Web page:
Sanil sits at the entrance of his home, his eyes turned towards the sky which is dark and low, a sure sign of rain. Absent-mindedly, he wonders if it would actually rain, how long such a rain might last, and is grateful for the stilts on which his wooden home rests, a protection from the floods that would inevitably follow.
For flood is a common occurrence in the Rupununi grasslands where he had been born, where he had been married, where he yet lives with his four sons and one daughter.
His spirit weighs heavily within him, his eyes filling with tears a man should not be seeing shedding.
It had been on such a night like this, a rainy stormy night, that Indira was born, that Nalini was lost, that his life went from familiar to strange.
Suddenly, the dark night is torn by a low mournful cry, not unlike someone in agony. The cry stops almost as soon as it starts, and just like it has happened for three days in a row, three-month-old Indira starts to cry. Sanil envisions his aged mother rousing, shhing her granddaughter, waving the palm fronds she’d procured from the herbalist to fend off spirits.
His Nalini’s spirit. His unbelievably beautiful, tender wife’s spirit.
As a young Christian, Sanil is torn between the age-long belief system of his Indian-Guyanese heritage and the truth he knows the Bible teaches.
This is the third night he would hear the mourning spirit, the choorile everyone says is the spirit of Nalini. For she had perished in childbirth, leaving a daughter alive. And according to the Guyanese folklore of jumbees, she would forever be restless, roaming at night, crying mournfully.
Pastor Mark, new to the village from Georgetown, says it is a lie. Nalini had been a Christian, her spirit had moved from earthly realms, she was in the arms of the Father.
With his head, Sanil believes this. With his heart, he believes in the choorile.
Sighing, he heaves to his feet and moves into the candlelit bowels of his home. The smells of their eaten supper yet lingers; Cassava, dasheen and crab soup. And spilt coconut milk.
In one room, his four sons are in various stages of sleep and the smacking sound of two-year-old Rajiv sucking his thumb makes his heart ache. Nalini would have gently pulled the thumb out of his mouth but as Sanil stands there, he doesn’t have the heart to do it. The child is motherless; all he could do was allow him this last vestige of comfort.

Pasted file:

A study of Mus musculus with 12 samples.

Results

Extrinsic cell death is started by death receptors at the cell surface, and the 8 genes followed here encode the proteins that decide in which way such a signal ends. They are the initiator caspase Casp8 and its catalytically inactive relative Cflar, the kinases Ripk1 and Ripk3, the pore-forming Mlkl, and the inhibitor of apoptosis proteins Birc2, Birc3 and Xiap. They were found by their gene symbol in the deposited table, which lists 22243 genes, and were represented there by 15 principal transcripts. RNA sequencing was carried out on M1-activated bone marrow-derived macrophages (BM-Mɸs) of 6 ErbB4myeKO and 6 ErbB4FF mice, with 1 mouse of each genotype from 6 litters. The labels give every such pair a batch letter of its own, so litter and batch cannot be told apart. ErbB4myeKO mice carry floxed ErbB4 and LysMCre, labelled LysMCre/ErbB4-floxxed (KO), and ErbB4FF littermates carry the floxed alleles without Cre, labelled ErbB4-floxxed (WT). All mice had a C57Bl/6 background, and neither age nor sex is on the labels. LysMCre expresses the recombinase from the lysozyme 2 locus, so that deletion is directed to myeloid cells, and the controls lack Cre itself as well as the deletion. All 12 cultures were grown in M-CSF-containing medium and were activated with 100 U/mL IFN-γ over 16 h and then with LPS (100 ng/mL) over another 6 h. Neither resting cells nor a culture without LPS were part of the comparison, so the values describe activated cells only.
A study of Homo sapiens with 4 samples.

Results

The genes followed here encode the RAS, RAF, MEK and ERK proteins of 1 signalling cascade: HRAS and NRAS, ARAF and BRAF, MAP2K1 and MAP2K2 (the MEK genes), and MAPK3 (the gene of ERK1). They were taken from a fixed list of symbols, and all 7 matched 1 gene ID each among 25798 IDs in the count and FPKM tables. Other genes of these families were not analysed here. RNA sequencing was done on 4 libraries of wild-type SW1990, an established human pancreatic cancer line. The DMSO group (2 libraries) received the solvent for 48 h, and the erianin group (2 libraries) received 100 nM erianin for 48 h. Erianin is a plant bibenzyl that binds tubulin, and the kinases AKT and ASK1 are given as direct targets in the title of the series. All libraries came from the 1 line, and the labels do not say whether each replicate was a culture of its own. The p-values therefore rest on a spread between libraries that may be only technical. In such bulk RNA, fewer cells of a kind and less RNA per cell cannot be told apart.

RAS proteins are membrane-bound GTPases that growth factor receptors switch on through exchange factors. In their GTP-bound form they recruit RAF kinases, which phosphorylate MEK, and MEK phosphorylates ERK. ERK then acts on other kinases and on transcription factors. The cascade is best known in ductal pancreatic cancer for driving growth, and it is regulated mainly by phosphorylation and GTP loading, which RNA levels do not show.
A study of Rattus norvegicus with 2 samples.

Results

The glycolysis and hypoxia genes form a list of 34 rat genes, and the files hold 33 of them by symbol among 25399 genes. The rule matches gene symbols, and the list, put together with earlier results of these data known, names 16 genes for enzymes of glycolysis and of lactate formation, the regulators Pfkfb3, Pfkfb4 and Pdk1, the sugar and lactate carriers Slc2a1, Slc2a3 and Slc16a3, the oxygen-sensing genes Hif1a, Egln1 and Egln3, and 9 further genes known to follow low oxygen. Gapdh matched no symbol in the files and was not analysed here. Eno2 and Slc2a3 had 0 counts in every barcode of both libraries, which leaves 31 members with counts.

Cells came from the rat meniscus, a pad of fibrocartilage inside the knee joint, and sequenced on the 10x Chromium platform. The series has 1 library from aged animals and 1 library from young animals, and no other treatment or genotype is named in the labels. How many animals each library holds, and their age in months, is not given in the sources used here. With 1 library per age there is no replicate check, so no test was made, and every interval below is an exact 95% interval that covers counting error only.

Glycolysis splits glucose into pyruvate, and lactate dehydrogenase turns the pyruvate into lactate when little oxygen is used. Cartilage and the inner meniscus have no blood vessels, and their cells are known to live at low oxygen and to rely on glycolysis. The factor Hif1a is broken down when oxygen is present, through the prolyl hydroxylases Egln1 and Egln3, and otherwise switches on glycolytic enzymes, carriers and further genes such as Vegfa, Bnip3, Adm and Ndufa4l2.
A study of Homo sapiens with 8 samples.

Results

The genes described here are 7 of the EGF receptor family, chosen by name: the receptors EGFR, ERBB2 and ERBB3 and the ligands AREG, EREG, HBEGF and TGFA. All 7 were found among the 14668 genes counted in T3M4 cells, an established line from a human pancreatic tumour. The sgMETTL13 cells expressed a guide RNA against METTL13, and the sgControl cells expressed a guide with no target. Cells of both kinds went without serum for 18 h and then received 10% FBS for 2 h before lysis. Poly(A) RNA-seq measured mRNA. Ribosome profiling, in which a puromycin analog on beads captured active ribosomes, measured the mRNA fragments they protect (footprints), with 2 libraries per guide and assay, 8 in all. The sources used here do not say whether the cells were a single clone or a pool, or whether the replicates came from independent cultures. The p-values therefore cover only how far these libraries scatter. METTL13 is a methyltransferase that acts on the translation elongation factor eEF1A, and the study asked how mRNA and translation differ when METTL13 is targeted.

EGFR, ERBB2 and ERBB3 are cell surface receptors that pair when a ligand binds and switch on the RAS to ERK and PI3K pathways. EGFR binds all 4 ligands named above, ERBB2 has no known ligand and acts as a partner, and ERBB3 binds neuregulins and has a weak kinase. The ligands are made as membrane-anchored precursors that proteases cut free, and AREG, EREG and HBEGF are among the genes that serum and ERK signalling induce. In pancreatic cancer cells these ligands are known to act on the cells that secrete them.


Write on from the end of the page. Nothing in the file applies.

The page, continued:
Because it is frowned upon for husband and wife to share a room, Nalini had had her own room. Even though his ma has since moved into it to care for Indira, he still thinks of it as Nalini’s room.
He hears the rustle of the palm fronds, his daughter mewling, his mother urging her back to sleep.
Finally, garnering strength from within, he knocks softly and pushes open the door.
“Ma,” he whispers, “Can I hold Indira for a while?”
Ma looks at him strangely but has known not to argue. She wraps the baby in soft sheets and places her in his arms.
She smells of palm oil, rubbed carefully into her skin by Ma to prevent infections.
She is warm and her soft body presses into his. Innocence, fragility, beauty. Solemnly, Sanil vows to protect her with all that he has, even his life.
He carries his daughter in his arms, shuts the door behind him, returns to the doorway. Rain has started to fall, pelting the soft sand around the house.
“I don’t know what to believe, Lord.” He says into the darkness. “But I do believe you, and I know children are good gifts from you. Choorile or not, Indira is your gift to me. Keep her safe, please.”
When he looks down at his daughter’s face, the tears quietly streaming down his face, he is surprised that she has her thumb in her mouth like Rajiv. She is sleeping yet there is a soft smile curved around her lips.
He smiles back and feels warmth begin to burn in his heart. Again.
Choorile – Spirit of a woman who dies in childbirth, leaving her baby alive.
Jumbee – Name given to a host of spirits and demons of Guyanese folklore
*Guyana is on the northeastern shoulder of South America, bounded by the Atlantic Ocean, Suriname, Venezuela and Brazil.